CyberTech Rambler

March 20, 2013

Ramification of Kirtsaeng v. John Wiley & Sons, Inc. is going to be huge

Filed under: Uncategorized — ctrambler @ 2:00 pm

Via Groklaw, I am happy for Mr Kirtsaeng (and in  general, American readers) that copyright holder cannot stop you from importing and selling textbook by simply printing a “Not for sale in United States” on the text book sold outside United States. However, I am not sure it is good news for access to text books for developing countries.

When I was an undergraduate, one of the most important text book is The Art of Electronic, and the price for the book in UK, even after taking into account it is a hardback book,  is high. (This is still very true today even with discount). However, since I am from South East Asia, I found out, too late for my particular case, that I can get the book from a book store there during one of my holiday for about a quarter of the price in UK. Yes, it is paperback and the paper quality is really poor, but even assuming I have to buy multiple books to compensate for the enhanced wear and tear poor quality, it will take me decades to wear out two copies and it still represents a saving of at least half the UK cover price.

It does have the standard notice on it that says that in return for the publisher selling you the book at a cheaper price, the book is not to be taken into developed countries. I did wonder whether it is illegal to bring it into UK if I bought it. Of course, it was pre-GrokLaw days, I am not aware that there could be an equivalent of the first sales doctrine in UK, and also wrongly thought that UK Custom will  seize the book from me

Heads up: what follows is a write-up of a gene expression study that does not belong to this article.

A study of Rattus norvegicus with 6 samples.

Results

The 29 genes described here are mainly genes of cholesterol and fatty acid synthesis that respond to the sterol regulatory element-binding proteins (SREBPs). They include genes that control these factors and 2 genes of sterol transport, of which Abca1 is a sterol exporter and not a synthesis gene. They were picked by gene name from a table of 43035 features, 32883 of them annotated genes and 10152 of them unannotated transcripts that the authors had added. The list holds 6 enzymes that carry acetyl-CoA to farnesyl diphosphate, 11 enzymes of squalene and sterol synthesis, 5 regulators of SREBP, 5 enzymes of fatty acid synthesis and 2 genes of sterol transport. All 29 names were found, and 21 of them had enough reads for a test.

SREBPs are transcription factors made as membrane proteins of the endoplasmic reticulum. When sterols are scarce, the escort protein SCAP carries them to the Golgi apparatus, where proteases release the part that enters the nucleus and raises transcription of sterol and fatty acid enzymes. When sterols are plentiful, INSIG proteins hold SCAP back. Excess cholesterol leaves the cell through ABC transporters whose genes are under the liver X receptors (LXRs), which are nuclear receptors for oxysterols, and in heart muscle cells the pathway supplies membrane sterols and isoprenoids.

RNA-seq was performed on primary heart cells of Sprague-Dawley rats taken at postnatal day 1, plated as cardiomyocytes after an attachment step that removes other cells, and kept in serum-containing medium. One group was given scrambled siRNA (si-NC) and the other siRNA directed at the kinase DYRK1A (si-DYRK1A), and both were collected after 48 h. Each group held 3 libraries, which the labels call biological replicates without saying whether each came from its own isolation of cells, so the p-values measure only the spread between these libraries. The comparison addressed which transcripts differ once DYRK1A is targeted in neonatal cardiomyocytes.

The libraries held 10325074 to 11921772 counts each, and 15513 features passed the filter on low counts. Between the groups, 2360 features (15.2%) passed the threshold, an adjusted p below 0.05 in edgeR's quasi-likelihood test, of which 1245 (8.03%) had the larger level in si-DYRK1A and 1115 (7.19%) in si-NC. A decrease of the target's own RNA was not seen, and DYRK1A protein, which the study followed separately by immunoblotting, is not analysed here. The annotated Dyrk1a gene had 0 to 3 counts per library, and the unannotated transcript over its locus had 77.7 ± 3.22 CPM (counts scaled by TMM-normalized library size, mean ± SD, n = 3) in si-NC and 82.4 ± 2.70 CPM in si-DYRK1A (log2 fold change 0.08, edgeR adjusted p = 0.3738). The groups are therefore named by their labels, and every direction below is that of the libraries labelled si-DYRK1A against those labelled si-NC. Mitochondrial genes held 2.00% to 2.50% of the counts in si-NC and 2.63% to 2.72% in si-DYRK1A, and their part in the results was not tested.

In the end, the real deterrence for me not to take the book into UK was that I do not want to become one of those people whose action caused the publisher to withdraw schemes that sell books cheaper in developing countries .  My parents can afford to send me overseas to study. I should not forget that I have friends who are academically way better than me but have to stay behind because their parents cannot afford to send them overseas. The least I can do is not to upset the arrangement which give them the opportunity to access text books.

With this Supreme Court decision, publishers will now be more hesitant to sell books at a discount in developing countries. I am worry that will disadvantage students in developing countries. Some may argue with today’s technology a student have free access to resources online, but let’s not forget in a lot of places people have no or very limited access to  the internet.

One can be sure that if publisher do not sell books at a discount, it will simply encourage piracy, in the form of cheap illegal photocopies of those textbooks. People will justify this by saying they have no choice as they cannot afford the high price, and since they don’t care about us, why should we  care if we pirate their wares.

In the end, everyone lose.

I am not taking the side of the publishers. In fact, if you examine those cheaper books carefully, you will find that they are not cheaper from the goodness of a publisher’s heart, but  because they are subsidized by rich world governments. Thus, one way around this is for rich world countries to increase the subsidy they pay. Nonetheless, it will means the text books reach less people than it would had.

Thus, I am not sure this is a good decision for access to text book.

All I can say is, there will be big ramifications, especially for developing countries.